The words “Next Year in Jerusalem” have always been rich with meaning but for Soviet Jewry, they took on even greater significance during the stark years of Communist oppression. Soviet Jews who dared to apply for exit visas were dismissed from their employment, harassed by the KGB, and often imprisoned or exiled to Siberian. Filmmaker Laura Bialis documents the inspiring story of the so-called Refuseniks in the new film Refusenik (trailer here), which opens in New York May 9th.
The film starts with a quick and lucid recounting of Soviet anti-Semitism, ranging from discrimination in university admissions to Stalin’s Doctors’ Plot, the invented conspiracy used as a pretext to persecute Jewish doctors. Although Stalin was an initial supporter of the State of Israel, anti-Semitism would become systematized to such an extent during the Stalin years that many were honestly expecting to be swept up in another Holocaust.
Called a “renaissance of hope,” by historian Sir Martin Gilbert, Refusenik identifies the stunning Israeli victory in the Six Days War as a pivotal moment for Refuseniks. Israel’s battlefield triumph, despite all Soviet state media predictions to the contrary, provided an inspiration and a hoped for destination.
As a matter of course, the Soviets denied all emigration requests, often on the pretext of the applicant being an important specialist. Then these irreplaceable specialists were summarily fired, forced to live uncertain hand-to-mouth existences. Yet an extraordinary refrain is repeated by many of the Refuseniks Bialis interviews. Regardless of the desperate circumstances they faced as a result, they never regretted their actions, because it was through their defiance of the Soviets that they first felt free.
Perhaps the most celebrated Refusenik, Natan Sharansky is one of the film’s lead voices. His story is nothing less than heroic, having served nine years in a Soviet prison on trumped up charges. However, some of the lesser known Refuseniks are equally remarkable. Vladimir Slepak was actually the son of a loyal party member, but when told by his father it was preferable to arrest one hundred innocent people rather than allow one enemy of the party to go free, his response was: “I’ll never be in your party. It’s too much blood on your hands.”
Refusenik also chronicles the worldwide movement on behalf of Soviet Jewry, and is laudably bipartisan in who it credits in the struggle. The passage of the Jackson-Vanick amendment requiring countries observe emigration rights to qualify for favored nation trading status is presented as a principled coalition of liberal and conservative congressional representatives over a détente-obsessed Nixon administration.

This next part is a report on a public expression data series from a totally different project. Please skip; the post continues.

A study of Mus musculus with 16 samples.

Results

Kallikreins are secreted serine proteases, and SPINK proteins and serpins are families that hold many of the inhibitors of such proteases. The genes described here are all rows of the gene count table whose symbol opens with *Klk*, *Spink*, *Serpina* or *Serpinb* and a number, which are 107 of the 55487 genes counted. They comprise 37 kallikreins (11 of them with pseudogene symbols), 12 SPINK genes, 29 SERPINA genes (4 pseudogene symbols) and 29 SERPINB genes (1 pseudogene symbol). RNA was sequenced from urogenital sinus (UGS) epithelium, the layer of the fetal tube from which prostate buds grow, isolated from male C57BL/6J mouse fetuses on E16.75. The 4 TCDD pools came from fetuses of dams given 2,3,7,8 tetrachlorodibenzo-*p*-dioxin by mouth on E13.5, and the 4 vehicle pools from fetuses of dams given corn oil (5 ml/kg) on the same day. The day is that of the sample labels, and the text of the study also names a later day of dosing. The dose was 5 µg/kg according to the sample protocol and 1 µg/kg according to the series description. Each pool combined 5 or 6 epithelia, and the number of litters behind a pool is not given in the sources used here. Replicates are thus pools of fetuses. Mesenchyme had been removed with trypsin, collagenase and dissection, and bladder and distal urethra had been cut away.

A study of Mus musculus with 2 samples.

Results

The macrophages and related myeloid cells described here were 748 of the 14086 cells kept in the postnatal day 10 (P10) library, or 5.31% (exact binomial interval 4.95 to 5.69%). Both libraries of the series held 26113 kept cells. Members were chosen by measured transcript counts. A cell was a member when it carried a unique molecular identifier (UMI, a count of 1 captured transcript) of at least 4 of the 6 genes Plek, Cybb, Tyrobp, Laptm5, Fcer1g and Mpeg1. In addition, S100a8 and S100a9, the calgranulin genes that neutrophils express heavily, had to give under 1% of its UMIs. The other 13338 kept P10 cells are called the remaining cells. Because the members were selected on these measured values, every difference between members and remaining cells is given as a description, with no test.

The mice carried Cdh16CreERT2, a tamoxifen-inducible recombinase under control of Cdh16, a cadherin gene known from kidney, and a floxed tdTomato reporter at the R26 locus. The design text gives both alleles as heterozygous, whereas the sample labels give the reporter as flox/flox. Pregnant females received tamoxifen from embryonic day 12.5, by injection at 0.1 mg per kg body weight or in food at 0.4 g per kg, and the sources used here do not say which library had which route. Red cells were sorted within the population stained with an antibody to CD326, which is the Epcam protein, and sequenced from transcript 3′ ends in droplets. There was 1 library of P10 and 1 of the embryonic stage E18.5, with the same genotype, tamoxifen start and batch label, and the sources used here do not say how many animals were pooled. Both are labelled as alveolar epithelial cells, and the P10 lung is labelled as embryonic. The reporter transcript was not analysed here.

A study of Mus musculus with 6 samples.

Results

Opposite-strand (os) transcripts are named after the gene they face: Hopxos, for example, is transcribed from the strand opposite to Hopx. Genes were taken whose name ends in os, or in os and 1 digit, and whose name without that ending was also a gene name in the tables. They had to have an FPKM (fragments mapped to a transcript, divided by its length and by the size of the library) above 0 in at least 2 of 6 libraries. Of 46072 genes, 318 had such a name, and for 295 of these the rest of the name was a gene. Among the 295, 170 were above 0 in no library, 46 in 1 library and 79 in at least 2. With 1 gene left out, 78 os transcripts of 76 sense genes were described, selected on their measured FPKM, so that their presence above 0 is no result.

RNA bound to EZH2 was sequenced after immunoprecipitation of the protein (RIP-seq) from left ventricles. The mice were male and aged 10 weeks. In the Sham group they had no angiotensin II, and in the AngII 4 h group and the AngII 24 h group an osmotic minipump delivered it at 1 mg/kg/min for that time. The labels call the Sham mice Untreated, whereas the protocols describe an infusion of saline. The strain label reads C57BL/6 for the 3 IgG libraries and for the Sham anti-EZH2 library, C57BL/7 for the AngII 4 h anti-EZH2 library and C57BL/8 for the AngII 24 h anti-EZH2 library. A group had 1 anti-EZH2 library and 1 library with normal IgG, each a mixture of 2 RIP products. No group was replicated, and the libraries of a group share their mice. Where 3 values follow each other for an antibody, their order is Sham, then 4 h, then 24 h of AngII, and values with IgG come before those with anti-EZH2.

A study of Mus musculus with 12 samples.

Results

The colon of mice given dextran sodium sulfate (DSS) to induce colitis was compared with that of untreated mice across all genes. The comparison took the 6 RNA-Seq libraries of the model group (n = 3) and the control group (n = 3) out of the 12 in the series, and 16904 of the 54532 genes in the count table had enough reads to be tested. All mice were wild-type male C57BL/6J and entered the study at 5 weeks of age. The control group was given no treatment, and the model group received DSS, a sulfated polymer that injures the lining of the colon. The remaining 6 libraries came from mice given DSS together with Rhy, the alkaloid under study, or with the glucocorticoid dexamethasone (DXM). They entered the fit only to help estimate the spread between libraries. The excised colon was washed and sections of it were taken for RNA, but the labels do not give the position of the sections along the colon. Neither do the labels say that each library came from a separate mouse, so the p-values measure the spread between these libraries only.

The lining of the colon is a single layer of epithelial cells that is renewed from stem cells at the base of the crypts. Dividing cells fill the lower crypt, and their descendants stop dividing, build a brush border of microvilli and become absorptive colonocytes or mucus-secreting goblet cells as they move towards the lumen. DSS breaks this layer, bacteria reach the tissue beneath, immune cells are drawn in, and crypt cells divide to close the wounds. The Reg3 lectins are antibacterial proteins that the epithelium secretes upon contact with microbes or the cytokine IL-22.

Of American political leaders, two stand above all others. One is a Democrat, Sen. Scoop Jackson. The other is a Republican: Pres. Ronald Reagan. It is clear from interviews that he made Soviet human rights a priority like none of his predecessors had before him. It is not just summit anecdotes from George Shultz that make the point.
Refusenik Ari Volvovsky tells a story that powerfully illustrates Reagan’s commitment. While serving his sentence in a prison camp, Volvovsky was called into the commandant’s office and asked if he was friends with the American president. He was then shown a letter from Reagan to Gorbachev pressing for his release. Probably Gorbachev’s reputation will suffer most from the film, as it is made clear he resisted releasing the Refuseniks and actually tells his interviewer: “Many of them were my friends.” Right, some of his best friends were Refuseniks.
Refusenik is structured as a traditional documentary, proceeding in chronological order and relying on interview commentary to provide narrative and context. However, the refuseniks’ testimony is very compelling stuff, which elevates the film above standard doc fare. It also benefits from some knowledgeable interview subjects, like Gilbert and Richard Perle, who served as a young aide to Sen. Jackson.
By exposing the abuses of Soviet Communism, Refusenik makes points that are still salient today. The courage and sacrifice of the Refuseniks profiled really are an inspiration. The film makes the point that they were not just defying the Communists on occasional basis, but over the course of decades, without respite. This is an area I thought I was fairly well informed in, yet I still learned quite a bit from Refusenik. It is an often moving film that deserves a wide audience. It opens in New York on May 9th, (which coincidentally was Soviet Victory Day) at the Quad, and in Los Angeles on the 23rd. It is highly recommended.
(On a related note, Naked Soil, Rebecca Schull’s Off-Broadway play about dissident poet Anna Akhmatova closes tomorrow. Review here.)
(Thanks to Gateway Pundit and LaRussophobe for picking up this review.)